Americans in France
Americans in France #4
GERSHWIN, George (1898-1937)
Composer and pianist, born in Brooklyn, NY
In March 1928, George Gershwin, accompanied by his brother Ira and their wives, took a large suite in the Hôtel Majestic, avenue Kléber (16th), where Gershwin continued working on An American in Paris. The work was clearly inspired by the city. One morning, Gershwin, accompanied by composer Alexander Tansman, walked from the Hôtel Majestic up to the Etoile and crossed over to the Avenue de la Grande Armée. There they found stores which sold automobile spare parts, and purchased taxi cab horns to get the traffic sound of the Place de la Concorde during the rush hour. His hotel suite became a personal recital hall, where he played for Darius Milhaud, Francis Poulenc, Georges Auric, Serge Prokoviev, Leopold Strokowski, William Walton and whoever else dropped in.
HEMINGWAY, Ernest (1899-1961)
Writer, born in Oak Parks, IL
In 1921, Hemingway, still unknown and an aspiring journalist, moved to Paris with his wife Hadley, writing articles for the Toronto Star. He soon associated with other such American expatriate writers as Gertrude Stein, Ezra Pound and Francis Scott Fitzgerald. La Closerie des Lilas in Montparnasse was his favorite café-restaurant. It was at this café that Fitzgerald, in the spring of 1925, gave him a copy of his novel The Great Gatsby, which had just been published. It was also on this terrace that Hemingway wrote most of The Sun Also Rises (1926), which he finished in six weeks. The novel deals with a group of expatriates in France and Spain, members of the disillusioned post-World War I Lost Generation. During his stay in France, Hemingway made two trips to Spain, on the second to see bullfights at Pamplona's annual festival. In 1927, Hemingway returned to the United States. He recalled his Paris memories in A Moveable Feast (published in 1964). En 1950, he wrote to a friend: “If you are lucky enough to have lived in Paris as a young man, then wherever you go for the rest of your life, it stays with you, for Paris is a moveable feast.”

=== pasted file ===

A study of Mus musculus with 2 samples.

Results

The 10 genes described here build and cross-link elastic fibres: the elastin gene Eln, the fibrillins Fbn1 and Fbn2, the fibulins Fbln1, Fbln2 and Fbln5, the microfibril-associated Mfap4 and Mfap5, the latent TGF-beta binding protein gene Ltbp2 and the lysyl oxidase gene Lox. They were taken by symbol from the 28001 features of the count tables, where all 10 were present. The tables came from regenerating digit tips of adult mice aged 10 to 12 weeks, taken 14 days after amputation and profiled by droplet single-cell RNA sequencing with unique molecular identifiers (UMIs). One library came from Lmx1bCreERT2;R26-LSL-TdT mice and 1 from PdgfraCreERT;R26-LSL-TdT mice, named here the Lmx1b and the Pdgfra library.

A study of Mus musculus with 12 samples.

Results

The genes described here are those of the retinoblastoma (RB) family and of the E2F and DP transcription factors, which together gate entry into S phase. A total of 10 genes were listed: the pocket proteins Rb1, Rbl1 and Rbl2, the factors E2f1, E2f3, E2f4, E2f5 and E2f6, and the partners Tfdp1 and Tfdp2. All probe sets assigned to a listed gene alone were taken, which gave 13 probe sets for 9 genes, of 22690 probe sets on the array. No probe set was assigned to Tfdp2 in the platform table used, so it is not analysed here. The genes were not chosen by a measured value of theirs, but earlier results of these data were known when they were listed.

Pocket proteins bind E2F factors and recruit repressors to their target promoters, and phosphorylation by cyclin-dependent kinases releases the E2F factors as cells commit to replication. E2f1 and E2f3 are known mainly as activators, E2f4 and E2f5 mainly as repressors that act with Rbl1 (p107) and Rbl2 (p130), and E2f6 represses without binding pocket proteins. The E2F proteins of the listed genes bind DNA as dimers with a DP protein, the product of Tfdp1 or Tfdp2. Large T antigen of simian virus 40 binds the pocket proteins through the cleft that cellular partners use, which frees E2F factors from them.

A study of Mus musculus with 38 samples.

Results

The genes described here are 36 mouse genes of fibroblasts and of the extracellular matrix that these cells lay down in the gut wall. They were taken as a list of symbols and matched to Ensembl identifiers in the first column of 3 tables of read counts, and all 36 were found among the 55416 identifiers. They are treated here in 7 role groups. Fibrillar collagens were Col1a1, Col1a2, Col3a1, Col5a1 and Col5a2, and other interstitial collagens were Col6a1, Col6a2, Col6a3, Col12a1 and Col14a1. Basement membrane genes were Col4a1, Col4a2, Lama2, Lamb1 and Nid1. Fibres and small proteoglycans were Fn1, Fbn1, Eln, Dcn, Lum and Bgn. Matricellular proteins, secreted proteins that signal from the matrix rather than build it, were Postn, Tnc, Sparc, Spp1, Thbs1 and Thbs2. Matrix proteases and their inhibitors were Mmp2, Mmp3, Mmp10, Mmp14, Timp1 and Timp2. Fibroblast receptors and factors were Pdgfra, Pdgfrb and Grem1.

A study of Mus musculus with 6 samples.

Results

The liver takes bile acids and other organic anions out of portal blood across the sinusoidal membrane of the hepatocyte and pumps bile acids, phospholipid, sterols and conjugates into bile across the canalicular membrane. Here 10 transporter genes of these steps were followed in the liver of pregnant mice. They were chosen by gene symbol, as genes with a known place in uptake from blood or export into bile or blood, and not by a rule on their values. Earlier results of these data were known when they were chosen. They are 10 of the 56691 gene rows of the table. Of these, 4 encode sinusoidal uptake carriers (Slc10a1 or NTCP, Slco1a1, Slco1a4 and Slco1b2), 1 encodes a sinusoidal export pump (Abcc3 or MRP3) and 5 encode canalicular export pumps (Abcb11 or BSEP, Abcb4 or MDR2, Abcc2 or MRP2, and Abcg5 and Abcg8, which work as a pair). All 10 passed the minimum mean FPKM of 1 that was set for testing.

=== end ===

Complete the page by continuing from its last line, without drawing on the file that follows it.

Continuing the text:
HIMES, Chester (1909-1984)
Writer, born in Jefferson City, MO
Born into a middle-class academic family, Himes started his literary career writing for newspapers and magazines while serving eight years in the Ohio State Penitentiary for armed robbery. His first novel was published in 1945. Although largely ignored in the United States, Himes was well thought of overseas. Following Richard Wright’s example, he emigrated to Paris in 1953, becoming part of the group of black expat American writers that also included Wright and James Baldwin. Starting in 1957 with For Love of Imabelle (aka A Rage in Harlem), he wrote a succession of commercially popular detective novels, published in the famous “Serie Noire” black crime fiction line. In 1969 he moved to Spain, where he died in 1984.
JAMES, Henry (1843-1916)
Writer, born in New York City, NY
Born to wealthy parents who periodically lived in Europe, Henry James was educated at schools and by tutors in New York City, London, Paris and Geneva. In 1872, James decided to settle permanently in Europe, spending 1875 and 1876 in France. In Paris he was reunited with friend Edith Wharton and met Turgenev, Flaubert, Zola, Daudet, Maupassant. He was a contributor to the New York Tribune, and finished his novel The American (published in 1877). He left France for England in 1876. In 1884 he published A Little Tour in France.
JONES, James (1921-1977)
Writer, born in Robinson, IL
Internationally famous for his novel From Here to Eternity (1951), which was based on his war experiences, James Jones lived with his family at 10, quai d’Orléans (4th) from 1958 until 1975. The house became a meeting place for writers and artists. There he wrote part of the script for the film The Longest Day (released in 1962) with friend Romain Gary, as well as novels The Thin Red Line (1962), and The Merry Month of May (1971), which is based on his accounts of the May 1968 uprisings. In 1990, his daughter Kaylie Jones recalled the family’s expatriate years in Paris in her autobiographical novel A Soldier's Daughter Never Cries.